The Immortal Hulk #11
Written by Al Ewing
Art by Joe Bennett
Inks by Ruy Jose
Colors by Paul Mounts
Letters by Cory Petit
Hulk and McGee take a spiritual journey through hell in this issue.
The issue starts by asking a pretty interesting question about the nature of God and whether God has a shadow. The implications and questions persist throughout this issue and adds an intriguing philosophical slant to this story.
Another interesting aspect of the story is that McGee’s fascination with the Hulk has a focus. A personal focus that speaks to privilege in a broad sense, but also privilege in relation to Hulk specifically. She brings up some interesting points about how acceptable his anger is in the world vs hers. That he can be responsible for death and destruction, but still be welcomed back as a hero and Avenger is a pretty valid point to be made by one of the victims of his rage.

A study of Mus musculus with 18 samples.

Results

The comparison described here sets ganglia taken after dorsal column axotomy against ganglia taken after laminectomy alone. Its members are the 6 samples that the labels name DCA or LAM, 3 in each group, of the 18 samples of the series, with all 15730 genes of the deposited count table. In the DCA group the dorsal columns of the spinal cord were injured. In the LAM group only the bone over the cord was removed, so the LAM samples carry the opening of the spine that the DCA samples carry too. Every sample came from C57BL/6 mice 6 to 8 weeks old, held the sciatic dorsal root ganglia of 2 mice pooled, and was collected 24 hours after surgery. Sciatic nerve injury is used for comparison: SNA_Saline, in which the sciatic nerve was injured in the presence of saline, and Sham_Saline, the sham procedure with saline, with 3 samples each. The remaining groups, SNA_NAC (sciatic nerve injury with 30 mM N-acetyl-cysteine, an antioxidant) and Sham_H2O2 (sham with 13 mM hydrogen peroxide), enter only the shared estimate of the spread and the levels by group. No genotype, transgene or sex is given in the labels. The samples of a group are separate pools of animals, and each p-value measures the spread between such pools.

The consequences of that rage continue as Hulk is visited by both Rick Jones and Thunderbolt Ross. Hulk’s violent attack against the latter is witnessed by the mystery figure in the form of his father.
As Hulk and McGee deal with their demons, Puck decides to stop letting Creel feel sorry himself and use the villain to find a way to free them.
This is a well done and smartly written journey for both the audience and the characters. Ewing does an amazing job with the characters. McGee’s journey with Hulk leads to some great character moments for her as well as development of the Hulk mythology and a perspective on the Hulk that is never talked about. Keeping the Hulk consistent in his reactions makes for an entertaining debate between the two of them.
Joe Bennett’s art is mesmerizing. The look of the emaciated Hulk is disturbing enough, but the reveal of Rick Jones was jarring. Everything from the characters to the highly detailed backgrounds is designed to illicit an emotional response from the reader and on that, it succeeds.